Scuba tanks (or cylinders) are an often forgotten choice when it comes to collecting scuba gear. The attitude among some divers, and casual divers in particular, is that tanks of a given size are all basically the same, and their sole feature is how robust they are. However, some tanks come with special, thoughtful features that add a little more quality to the diving experience.
Catalina XS Scuba 80
The standard scuba air tank is the Aluminum 80, a tank made from aluminum that carries 80 cubic feet of air. These tanks are popular for recreational divers because they hold enough air for a good dive. A fine example of this kind of tank is Catalina's XS Scuba 80. You can use it as either a nitrox or regular air tank, and the tank is designed with more weight on the bottom, which helps a diver maintain a heads-up position while swimming in a neutral buoyancy. Plus, these tanks come in four colors.
Zeagle Pony System
Scuba divers rarely use pony bottles for back-up air. More commonly, divers use them to fill lift bags and for other utility applications. Still, it is nice to have a pony bottle that can be adapted to fit a specific need, such as taking a quick look above a murky dive site or extending a decompression stop. Zeagle makes a great pony bottle for that purpose. It comes with a regulator and mouthpiece, as well as a transfiller. The latter allows the bottle to be filled from another scuba tank, rather than from a compressor. Neither of those are standard features for a pony bottle.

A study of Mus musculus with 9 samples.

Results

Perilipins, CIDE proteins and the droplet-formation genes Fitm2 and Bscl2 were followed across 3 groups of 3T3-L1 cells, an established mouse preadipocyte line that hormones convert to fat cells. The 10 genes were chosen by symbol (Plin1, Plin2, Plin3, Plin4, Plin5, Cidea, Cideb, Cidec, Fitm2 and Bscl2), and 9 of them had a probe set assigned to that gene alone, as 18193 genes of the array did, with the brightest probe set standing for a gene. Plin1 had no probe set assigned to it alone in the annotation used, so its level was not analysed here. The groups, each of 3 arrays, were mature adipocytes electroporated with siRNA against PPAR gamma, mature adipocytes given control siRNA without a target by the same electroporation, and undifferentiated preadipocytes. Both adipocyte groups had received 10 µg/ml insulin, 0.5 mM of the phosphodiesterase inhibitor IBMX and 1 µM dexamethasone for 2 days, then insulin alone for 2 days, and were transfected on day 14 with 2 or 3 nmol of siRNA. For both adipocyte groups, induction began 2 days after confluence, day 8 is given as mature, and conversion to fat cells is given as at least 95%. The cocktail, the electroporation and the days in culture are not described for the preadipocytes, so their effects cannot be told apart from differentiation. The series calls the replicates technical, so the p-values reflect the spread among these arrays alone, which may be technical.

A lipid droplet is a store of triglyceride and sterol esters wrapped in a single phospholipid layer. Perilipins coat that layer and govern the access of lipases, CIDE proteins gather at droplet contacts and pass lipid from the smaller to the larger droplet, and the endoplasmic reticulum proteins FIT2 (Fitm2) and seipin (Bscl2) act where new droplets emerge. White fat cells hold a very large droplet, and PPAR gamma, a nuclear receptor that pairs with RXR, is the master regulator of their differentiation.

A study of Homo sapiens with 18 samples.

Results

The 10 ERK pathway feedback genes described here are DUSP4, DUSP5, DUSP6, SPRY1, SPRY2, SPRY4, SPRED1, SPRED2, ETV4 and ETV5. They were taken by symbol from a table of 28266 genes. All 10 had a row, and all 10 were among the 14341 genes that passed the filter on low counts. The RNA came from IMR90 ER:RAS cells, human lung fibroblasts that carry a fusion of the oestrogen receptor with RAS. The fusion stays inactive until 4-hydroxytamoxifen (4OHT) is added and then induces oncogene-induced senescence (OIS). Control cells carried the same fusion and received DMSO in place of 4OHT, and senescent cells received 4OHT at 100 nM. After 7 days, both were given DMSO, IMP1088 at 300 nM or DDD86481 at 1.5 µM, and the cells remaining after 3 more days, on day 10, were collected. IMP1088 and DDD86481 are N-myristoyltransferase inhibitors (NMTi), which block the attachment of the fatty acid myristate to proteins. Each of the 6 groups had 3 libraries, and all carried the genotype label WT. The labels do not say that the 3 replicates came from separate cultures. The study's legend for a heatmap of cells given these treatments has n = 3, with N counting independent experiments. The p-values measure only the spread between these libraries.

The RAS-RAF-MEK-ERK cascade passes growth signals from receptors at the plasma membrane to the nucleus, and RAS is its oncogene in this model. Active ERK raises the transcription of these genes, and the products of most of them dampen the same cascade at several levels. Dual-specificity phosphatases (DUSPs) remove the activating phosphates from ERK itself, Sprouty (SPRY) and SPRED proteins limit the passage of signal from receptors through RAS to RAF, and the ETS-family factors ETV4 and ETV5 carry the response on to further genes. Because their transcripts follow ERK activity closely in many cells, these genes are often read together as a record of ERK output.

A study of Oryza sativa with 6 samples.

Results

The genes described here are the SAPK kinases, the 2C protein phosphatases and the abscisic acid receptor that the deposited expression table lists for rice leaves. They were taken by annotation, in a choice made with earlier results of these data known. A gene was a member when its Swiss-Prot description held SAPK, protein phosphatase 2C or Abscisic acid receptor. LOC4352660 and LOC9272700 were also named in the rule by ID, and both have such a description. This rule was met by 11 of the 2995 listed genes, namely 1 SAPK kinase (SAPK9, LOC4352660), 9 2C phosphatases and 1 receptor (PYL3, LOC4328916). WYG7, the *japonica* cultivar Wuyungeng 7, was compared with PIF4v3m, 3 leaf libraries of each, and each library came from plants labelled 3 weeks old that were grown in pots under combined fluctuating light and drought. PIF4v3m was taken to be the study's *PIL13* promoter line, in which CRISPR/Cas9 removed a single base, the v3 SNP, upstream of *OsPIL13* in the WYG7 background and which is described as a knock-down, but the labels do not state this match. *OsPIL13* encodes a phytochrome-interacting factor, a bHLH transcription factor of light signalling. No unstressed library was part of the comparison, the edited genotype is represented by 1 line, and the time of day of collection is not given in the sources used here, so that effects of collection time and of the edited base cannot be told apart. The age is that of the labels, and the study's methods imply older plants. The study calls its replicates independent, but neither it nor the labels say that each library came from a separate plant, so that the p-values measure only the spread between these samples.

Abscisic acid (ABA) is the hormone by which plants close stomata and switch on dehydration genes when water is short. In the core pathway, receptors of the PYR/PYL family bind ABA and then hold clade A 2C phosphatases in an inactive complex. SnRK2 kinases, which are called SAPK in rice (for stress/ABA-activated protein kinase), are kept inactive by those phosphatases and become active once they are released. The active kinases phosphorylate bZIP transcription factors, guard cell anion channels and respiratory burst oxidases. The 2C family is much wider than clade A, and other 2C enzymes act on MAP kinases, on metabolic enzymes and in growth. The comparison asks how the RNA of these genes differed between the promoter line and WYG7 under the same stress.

Worthington X7 Steel 100
Some divers swear by steel tanks over aluminum. Steel is stronger, so less metal is used to make a steel tank, which creates a lighter tank with the same amount of storage capacity. Steel tanks also last decades longer, if given the same amount of care. These virtues really stand out for commercial and technical divers, who stay underwater for long periods of time and need all the extra air they can get. Also, these tanks have better practical buoyancy characteristics during a dive. The Worthington X7 Steel 100 is a good example of a big scuba tank made out of steel. Compared to its aluminum counterparts, it is a several pounds lighter and rated for slightly higher pressures, but is also more expensive.
Article Written By Edwin Thomas
Edwin Thomas has been writing since 1997. His work has appeared in various online publications, including The Black Table, Proboxing-Fans and others. A travel blogger, editor and writer, Thomas has traveled from Argentina to Vietnam in pursuit of stories. He holds a Master of Arts in international affairs from American University.